COLUMN: Cancer sucks, brings out true heroes

By ALEC ETHEREDGE | Managing Editor

What would you do if you were told to make plans for your daughter’s funeral in the next week?

That’s the message Lacretia Riekeberg and her husband Dustin recently received from hospice care about their 9-year-old daughter Destiny Riekeberg. But it’s an answer neither the parents nor Destiny were willing to accept.

A year ago, Destiny was living her best life, cheering at youth football games in Pelham, doing competitive dance, playing softball and all the other fun aspects of just being a kid.

Then, over Christmas break, she woke up with pain in her shoulder and abdomen. After four doctor visits finally revealed an enlarged liver, she eventually was sent to Children’s of Alabama where it was determined she had cancer.

The battle since then has been up and down with Destiny fighting every second of every day to beat the disease with a massive support system around her.

But two weeks ago, she was put on hospice care with doctors telling the family there isn’t much more they can do and she could have days or weeks to live. Shortly after, hospice told the family to prepare for the worst over the next week.

But like she’s done all along, Destiny continues to fight and won’t go down without doing so, and her family believes in her.

“I just want everyone to know that we aren’t accepting a death sentence,” Lacretia Riekeberg wrote on Facebook. “The doctors couldn’t tell us exactly how long Destiny has because they don’t know. Only God knows. I’ve made it perfectly clear to hospice that we plan to graduate hospice.

“We’ve not brought Destiny home to die! Trust and believe, I’m doing everything I can humanly and naturally possible to save my daughter and depending on God to do the supernatural.”

For me personally, the last two weeks since reading the sad news have played with my emotions. I’ve prayed for Destiny and her family each night and admittedly have been brought to tears scrolling through the family’s Facebook pages at all of the updates.

You see, cancer has always been one of my biggest fears. My grandfather died from the disease when I was in high school and it’s something I worry about far too often to where I go through funks and make myself sick thinking about it.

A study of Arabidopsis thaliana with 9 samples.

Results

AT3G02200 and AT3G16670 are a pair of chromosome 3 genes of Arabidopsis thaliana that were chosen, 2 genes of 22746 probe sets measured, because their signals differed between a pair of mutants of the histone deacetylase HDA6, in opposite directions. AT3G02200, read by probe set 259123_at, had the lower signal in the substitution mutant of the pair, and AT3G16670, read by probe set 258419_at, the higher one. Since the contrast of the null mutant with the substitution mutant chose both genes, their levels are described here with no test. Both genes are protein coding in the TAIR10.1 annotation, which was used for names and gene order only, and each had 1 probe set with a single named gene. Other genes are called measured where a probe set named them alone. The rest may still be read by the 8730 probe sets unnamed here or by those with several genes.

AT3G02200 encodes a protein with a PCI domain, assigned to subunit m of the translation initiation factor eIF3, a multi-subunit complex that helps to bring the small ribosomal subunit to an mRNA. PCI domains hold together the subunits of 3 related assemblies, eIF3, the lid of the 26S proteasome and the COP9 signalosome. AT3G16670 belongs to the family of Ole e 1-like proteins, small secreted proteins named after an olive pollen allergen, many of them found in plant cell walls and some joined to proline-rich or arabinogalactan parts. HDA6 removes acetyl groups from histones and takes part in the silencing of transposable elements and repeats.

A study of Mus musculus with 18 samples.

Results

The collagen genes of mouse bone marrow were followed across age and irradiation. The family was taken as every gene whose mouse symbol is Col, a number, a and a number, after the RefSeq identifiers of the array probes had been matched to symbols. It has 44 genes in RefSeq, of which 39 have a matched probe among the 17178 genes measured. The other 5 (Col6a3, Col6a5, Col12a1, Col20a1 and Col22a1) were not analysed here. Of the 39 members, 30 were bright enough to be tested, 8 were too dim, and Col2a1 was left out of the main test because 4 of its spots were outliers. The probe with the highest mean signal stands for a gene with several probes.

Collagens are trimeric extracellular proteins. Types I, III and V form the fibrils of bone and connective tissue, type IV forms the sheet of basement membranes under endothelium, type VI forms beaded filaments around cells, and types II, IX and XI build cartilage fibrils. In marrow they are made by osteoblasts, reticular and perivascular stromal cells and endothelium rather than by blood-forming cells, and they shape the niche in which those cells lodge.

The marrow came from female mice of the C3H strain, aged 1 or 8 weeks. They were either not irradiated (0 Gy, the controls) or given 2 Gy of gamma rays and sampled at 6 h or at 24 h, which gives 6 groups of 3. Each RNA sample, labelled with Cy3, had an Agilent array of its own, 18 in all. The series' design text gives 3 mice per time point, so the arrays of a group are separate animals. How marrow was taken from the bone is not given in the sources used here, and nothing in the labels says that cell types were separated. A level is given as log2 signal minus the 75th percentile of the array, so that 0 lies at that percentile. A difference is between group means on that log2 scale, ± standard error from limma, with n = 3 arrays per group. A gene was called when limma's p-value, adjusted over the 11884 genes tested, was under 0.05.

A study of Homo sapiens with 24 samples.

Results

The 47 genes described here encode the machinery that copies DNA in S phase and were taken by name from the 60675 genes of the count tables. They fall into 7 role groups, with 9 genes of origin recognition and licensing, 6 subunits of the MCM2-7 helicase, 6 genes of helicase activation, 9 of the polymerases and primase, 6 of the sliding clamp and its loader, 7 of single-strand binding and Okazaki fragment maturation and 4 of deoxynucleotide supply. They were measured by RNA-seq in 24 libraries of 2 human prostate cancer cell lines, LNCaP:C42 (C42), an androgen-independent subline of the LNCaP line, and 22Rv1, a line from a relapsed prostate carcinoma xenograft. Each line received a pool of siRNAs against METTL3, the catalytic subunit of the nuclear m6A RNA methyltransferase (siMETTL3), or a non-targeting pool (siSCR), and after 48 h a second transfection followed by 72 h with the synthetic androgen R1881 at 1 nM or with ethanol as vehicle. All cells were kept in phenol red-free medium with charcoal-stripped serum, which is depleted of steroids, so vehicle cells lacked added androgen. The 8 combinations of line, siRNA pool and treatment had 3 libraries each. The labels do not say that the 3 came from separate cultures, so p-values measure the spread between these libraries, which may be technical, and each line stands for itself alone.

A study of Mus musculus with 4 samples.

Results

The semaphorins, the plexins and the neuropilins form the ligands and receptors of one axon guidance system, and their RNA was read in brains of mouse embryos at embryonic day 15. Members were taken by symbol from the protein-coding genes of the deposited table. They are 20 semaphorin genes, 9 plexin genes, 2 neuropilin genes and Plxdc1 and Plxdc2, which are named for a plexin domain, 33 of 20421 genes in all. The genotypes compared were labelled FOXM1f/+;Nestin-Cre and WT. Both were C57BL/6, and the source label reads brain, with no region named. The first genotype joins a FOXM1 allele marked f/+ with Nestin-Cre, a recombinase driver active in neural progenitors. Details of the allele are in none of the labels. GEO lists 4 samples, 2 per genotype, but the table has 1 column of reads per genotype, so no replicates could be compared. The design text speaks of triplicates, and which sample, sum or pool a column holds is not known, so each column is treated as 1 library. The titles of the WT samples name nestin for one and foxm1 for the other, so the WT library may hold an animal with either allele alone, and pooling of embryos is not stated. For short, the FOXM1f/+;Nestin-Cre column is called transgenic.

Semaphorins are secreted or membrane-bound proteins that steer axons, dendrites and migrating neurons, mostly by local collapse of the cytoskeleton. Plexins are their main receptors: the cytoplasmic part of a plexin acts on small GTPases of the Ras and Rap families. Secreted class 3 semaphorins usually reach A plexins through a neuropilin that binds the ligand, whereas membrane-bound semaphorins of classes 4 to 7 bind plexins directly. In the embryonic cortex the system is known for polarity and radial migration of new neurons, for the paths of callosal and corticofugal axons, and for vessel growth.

And honestly, as I sat down to write this column, I didn’t know where I was going to let my emotions take me, but that instantly changed as I started to read and do more research.

While my fear is one many of us have, people like Destiny and the thousands of children battling cancer give us hope. They show more fight than most of us will in our entire life and bring everyone together to believe in something bigger than us as individuals.

During the last year, Destiny’s life has changed, but not because she let cancer define her. Instead, she has become a true hero to us all.

Her family and friends knew who she was, but now, we all know the special person she is. Through her fight, through her smiles, through her tears, through her pain, through her braveness and through each breath, she has been an inspiration to so many.

Not just those battling the disease with her, but to people in her community, people that have never met her, celebrities and so many others.

Local students and teams are wearing ribbons, sending her encouraging videos and painting cars with #DestinyStrong.

Dodie Osteen, Joel Osteen’s mother, who had rare liver cancer and days to live but recovered reached out to Destiny; Wonder Woman Director Patty Jenkins reached out to her; TikTok superstar Charlie D’Amelio did a TikTok sequenced dance with Destiny; and famous makeup artist James Charles talked with her.

“We make movies about heroes and about people who inspire us,” Jenkins said in her video to Destiny. “But you are a real life one and you are a real life Wonder Woman. I wanted to send you a thanks from us for being that person that lights the way and inspiring us to tell stories about heroes and how brave they can be and how kind and wonderful they can be despite the struggles that they face.”

During Childhood Cancer Awareness month, I ask that you take the time to recognize true heroes in this world. We may look down at young children because of their size, but we need to look up to these inspiring young people because of the fight they show during a time many of us would give up.